The City of Selkirk is taking advantage of the Province of Manitoba’s Restart funding to install sewer and water that will service future development in the second phase of the Business Park.
The city has been investing in its wastewater and water systems to improve its capacity and its resiliency to climate change and be prepared to serve a growing community.
The Restart grant is for $750,000 and supports installation of sewer, water and land drainage infrastructure. A second grant, from the Water Services Board, is for $360,000. The total project cost is $3 million.
Preparing for development, investing in infrastructure
The sewer will run from the Business Park across Easton Drive to the lift station at the Rec Complex. The lift station was built in 2018 to reduce demands on the system and support future growth of almost 750 acres.
Selkirk Mayor Larry Johannson says that beginning Phase 2 is a necessity if the city wants to continue attracting new businesses and jobs to Selkirk.
“Only a few years ago we did not have serviced industrial lots available for new businesses. Council’s vision of building a business park to bring new enterprise to Selkirk has been very successful. With the majority of Phase 1 lots sold, it’s time to expand to keep those private investments coming,” Johannson said.
Dan McDermid, the city’s Director of Operations, said the underground infrastructure will be done this year and in a separate project in 2022 Wersch Street will be extended from Phase 1 of the Business Park into Phase 2.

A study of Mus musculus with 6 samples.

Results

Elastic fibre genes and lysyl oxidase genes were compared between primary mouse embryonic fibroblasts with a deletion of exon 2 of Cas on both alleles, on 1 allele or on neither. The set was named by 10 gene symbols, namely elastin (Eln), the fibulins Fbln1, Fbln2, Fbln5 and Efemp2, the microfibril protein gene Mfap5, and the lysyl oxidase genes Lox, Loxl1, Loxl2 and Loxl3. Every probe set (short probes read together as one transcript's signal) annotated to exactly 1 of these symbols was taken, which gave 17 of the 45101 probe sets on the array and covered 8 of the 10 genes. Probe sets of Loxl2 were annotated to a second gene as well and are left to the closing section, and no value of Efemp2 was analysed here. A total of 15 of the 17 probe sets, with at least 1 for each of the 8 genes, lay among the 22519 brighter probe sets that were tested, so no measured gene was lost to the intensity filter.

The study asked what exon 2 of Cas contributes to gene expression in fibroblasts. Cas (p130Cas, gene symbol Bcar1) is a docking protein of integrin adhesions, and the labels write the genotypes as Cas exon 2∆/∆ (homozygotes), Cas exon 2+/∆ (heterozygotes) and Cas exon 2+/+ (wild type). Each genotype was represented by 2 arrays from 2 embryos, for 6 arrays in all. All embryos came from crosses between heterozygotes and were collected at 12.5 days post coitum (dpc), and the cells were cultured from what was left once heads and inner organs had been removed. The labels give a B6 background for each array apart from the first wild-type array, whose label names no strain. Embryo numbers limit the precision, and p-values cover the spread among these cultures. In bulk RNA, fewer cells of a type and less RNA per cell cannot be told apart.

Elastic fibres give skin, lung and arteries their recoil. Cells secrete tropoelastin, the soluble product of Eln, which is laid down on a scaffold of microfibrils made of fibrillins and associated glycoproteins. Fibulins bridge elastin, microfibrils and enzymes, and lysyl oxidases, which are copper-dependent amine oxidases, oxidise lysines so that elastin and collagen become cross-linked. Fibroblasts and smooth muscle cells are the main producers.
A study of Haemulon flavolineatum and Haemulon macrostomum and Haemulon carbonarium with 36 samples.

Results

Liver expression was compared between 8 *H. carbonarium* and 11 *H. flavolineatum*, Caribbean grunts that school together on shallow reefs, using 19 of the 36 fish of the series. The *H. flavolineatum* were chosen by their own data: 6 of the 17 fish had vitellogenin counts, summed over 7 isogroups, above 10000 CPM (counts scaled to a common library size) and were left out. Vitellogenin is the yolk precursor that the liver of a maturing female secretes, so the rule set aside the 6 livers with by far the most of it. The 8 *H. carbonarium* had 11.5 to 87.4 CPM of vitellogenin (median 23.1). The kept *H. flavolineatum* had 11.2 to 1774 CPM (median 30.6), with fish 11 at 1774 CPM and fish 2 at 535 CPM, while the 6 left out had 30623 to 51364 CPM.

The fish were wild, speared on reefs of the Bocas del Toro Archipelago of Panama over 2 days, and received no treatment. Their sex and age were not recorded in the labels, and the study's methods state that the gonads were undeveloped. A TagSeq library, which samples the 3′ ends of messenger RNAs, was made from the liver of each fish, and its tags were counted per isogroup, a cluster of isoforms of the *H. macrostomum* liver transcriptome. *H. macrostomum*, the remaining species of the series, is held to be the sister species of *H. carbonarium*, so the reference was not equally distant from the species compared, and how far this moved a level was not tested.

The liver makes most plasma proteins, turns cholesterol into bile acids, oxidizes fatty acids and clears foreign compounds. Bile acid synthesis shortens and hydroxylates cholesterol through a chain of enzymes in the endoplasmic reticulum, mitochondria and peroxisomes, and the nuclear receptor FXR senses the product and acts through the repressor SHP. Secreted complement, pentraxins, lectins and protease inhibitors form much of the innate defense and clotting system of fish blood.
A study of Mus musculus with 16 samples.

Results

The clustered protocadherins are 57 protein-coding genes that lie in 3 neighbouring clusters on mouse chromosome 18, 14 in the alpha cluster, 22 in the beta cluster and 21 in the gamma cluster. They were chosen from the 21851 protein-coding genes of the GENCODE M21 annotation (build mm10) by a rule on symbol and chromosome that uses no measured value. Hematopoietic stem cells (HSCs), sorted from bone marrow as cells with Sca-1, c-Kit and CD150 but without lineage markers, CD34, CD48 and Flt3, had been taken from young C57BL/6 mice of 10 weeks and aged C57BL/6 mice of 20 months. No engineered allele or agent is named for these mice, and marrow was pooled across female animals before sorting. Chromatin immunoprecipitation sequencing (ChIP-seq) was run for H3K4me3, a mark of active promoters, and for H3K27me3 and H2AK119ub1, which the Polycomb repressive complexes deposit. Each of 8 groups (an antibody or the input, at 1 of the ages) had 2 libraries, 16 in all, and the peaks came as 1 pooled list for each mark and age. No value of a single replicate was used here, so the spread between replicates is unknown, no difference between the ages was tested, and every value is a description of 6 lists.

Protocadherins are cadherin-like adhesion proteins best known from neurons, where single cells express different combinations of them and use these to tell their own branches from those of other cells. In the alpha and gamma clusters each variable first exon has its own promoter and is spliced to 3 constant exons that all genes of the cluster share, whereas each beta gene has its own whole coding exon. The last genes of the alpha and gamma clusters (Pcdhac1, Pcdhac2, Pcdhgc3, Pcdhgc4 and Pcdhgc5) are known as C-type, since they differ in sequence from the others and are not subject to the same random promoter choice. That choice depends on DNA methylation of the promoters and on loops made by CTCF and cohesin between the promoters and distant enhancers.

“It’s future thinking,” McDermid said.
“We’re preparing for development that is going to come and when it does we will have the infrastructure in place to handle it. We’re making use of grant dollars that are available today to be prepared for tomorrow.”
The extension of sewer and water services aligns with the city’s Strategic Plan that calls for Selkirk to take firmer control of its economic destiny and to build a strong and stable local economy. The plan also calls for safe and sustainable infrastructure and for the city to be environmental stewards.
CAO Duane Nicol said focusing on strong asset management and investing in infrastructure that secures Selkirk’s success years down the road is a good strategic move.
“We’ve had plans for the development of Phase 2 of our Business Park ready and in place for some time now and with the Restart funding we’re able to move quickly and put in infrastructure that is crucial to the growth of our city,” Nicol said.
Selkirk open for business
Tim Feduniw, Director of Sustainable Economic Development, said along with the Strategic Plan, the city’s West End Concept Plan creates a vision for the future and being prepared for that vision is crucial to its success.
“When we look at Selkirk and what we have to offer, whether it be in the manufacturing sector tied to the steel industry, whether it be through some of the other burgeoning industries that we have or through expansion of what we’ve currently got in the Business Park, having that opportunity and that room to grow is really important,” Feduniw said.
“And particularly as we see other markets, Winnipeg for example, starting to experience shortages in their industrial properties, we believe that there’s opportunity to build forward.”
Work on the project started in January and is expected to be completed by the end of May.